This is what remains of one of the homes struck by the tornado near Delta in Fulton County, Saturday night, June 5. Click on the Big Blue Button above to see all photos taken of the affected area.–photos by Mary Huber
by David Pugh, Buckeye Staff Writer
Four people were injured, one seriously, as a result of a tornado which roared through Fulton County, Saturday night, June 5.
As of 5:23 pm, Sunday, the National Weather Service determined Fulton County was struck by a EF2 tornado that "began around along Highway 109, just east of Co. Rd. A, and continued (northeast) 7.5 miles, before weakening as it passed into Lucas County.
Justin Thompson, Fulton County Emergency Management Agency director, said the most heavily damaged area was bounded by County Road 7 on the west, Co. Rd. C on the north, Co. Rd. 4 on the east, and Co. Rd. A on the south.
At midday Sunday, he said EMA officials had noted 22 affected homes. Of those, six or seven had moderate damage, and four were considered completely destroyed.
Unverified reports from the scene say the most seriously injured victim was a woman whose home collapsed around her. She reportedly managed to crawl from the wreckage of her home and made her way to her neighbor’s for help.
Ted Strickland, Ohio Governor, declared Fulton and Wood counties disaster areas at 8:30 am, Sunday.
Kelli Blackwell, public information officer with the Ohio Emergency Management Agency, said the declaration allows local officials access to state resources.
However, the state declaration is not a federal declaration, which means Fulton County won’t be able to tap into federal resources such as the Federal Emergency Management Agency.
An EF2 tornado is a number two ranking on the "Enhanced Fujita" scale.
The Enhanced Fujita scale starts with an EF0, which features winds estimated at 65 to 85 miles per hour, and goes to an EF5, with winds of more than 200 mph.
An EF2 has estimated wind speeds of 111 to 135 mph.
On source describes an EF2 as causing "considerable damage. Roofs torn off well-constructed houses; foundations of frame homes shifted; mobile homes completely destroyed; large trees snapped or uprooted; light-object missiles generated; cars lifted off ground."
Most of those damages can be found in the affected area.
Ken Ludington, a meteorologist with the National Weather Service, said the storm that hit Fulton County was spawned by a stationary front running through southern Michigan, with a low-pressure wave moving along it.
That scenario, plus local conditions, made everything right for long-lived storms, with proper conditions for rotation that can lead to tornados.
Based on conditions, plus tornadic radar signatures, the NWS North Webster office issued its first tornado warning at 9:47 pm, and continued issuing warnings until 1:47 am– the last one for Miami County in Ohio.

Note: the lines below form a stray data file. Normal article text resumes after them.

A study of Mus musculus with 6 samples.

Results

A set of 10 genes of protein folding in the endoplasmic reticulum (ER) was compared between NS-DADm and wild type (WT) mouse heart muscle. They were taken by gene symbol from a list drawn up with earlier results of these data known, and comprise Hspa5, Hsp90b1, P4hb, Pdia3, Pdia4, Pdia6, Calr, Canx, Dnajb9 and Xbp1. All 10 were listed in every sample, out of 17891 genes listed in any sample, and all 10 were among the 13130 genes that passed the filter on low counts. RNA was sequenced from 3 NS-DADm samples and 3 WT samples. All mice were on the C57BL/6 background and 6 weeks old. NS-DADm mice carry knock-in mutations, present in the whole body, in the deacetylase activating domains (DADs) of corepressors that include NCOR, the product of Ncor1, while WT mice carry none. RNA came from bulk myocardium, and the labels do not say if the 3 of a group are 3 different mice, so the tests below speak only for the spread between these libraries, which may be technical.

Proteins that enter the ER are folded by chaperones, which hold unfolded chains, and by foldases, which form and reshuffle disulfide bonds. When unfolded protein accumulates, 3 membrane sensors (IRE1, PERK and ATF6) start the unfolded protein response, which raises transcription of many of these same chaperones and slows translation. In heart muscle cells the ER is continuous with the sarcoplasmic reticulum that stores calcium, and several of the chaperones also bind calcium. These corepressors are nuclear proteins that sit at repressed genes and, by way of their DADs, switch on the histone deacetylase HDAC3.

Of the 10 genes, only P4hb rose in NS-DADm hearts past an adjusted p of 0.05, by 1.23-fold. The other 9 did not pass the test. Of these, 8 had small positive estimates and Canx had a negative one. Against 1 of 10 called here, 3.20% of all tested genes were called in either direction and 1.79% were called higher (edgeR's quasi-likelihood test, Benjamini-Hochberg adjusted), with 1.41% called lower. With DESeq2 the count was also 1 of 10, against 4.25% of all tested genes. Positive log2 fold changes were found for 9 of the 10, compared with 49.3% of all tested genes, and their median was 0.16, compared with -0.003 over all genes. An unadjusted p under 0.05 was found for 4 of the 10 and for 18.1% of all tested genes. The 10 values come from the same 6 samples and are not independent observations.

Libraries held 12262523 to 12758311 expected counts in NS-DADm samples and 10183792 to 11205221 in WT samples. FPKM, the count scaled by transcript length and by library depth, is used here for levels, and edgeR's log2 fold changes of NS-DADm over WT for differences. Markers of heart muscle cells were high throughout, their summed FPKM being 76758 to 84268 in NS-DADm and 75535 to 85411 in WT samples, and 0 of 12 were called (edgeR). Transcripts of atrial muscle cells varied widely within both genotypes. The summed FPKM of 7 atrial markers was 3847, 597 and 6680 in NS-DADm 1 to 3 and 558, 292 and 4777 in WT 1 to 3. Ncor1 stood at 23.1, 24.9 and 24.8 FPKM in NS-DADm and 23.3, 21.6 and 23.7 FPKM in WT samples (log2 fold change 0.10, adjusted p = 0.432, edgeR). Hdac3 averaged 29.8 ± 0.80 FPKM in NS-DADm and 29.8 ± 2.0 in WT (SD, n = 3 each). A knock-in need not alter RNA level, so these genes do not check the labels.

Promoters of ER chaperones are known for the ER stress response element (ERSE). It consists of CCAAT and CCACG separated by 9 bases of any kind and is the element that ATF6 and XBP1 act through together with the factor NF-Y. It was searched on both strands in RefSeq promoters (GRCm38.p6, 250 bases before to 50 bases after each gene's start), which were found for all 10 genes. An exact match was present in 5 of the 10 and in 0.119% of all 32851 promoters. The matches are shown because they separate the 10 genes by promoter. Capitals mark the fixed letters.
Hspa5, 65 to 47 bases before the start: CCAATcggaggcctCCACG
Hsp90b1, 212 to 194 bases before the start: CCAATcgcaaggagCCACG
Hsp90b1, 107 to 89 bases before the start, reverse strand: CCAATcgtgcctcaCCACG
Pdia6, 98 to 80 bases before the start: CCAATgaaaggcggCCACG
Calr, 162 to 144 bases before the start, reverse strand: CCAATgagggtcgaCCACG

The Fulton County Sheriff Office dispatch center sounded the county tornado sires at 9:59 pm, when North Webster first issued a warning for Fulton County.
Thompson said the first tornado warning was to expire at 10:45 pm, but the National Weather Service extended it to 11 pm.
Around 11 pm, Fulton County began getting calls about damage in the Delta area. Travel in the area was made difficult by downed trees and power lines.
At one point, a house fire was reported on St. Rt. 109 at County Road A, north of Liberty Center.
There was a report of a propane leak, but Thompson said the tank leaked all of its contents, and the propane dissipated in the wind.
The Fulton County Red Cross was notified at 2:12 am, Sunday, and at 4:30 am, the Delta Memorial Hall was opened as an emergency shelter.
Thompson said county cars, normally used for the Fulton County Senior Center’s Meals on Wheels program, were dispatched to Delta to shuttle victims from the damaged area to the shelter; but those who did go to the shelter made it on their own.
About a dozen people were at the shelter. Thompson said they left once the rain stopped.
Also, the State of Ohio Emergency Management Agency was called for assistance.
Reports are Dean Genter, Fulton County commissioner, was at the Emergency Operations Center during the early hours of Sunday.
Joe Short, commissioner, said he visited the affected area late Sunday morning.
He said he saw "friends, neighbors, and volunteers with chain saws and front-end loaders.
"It was neighbors helping neighbors," he said.–Posted 6.6, 6:30 p.m.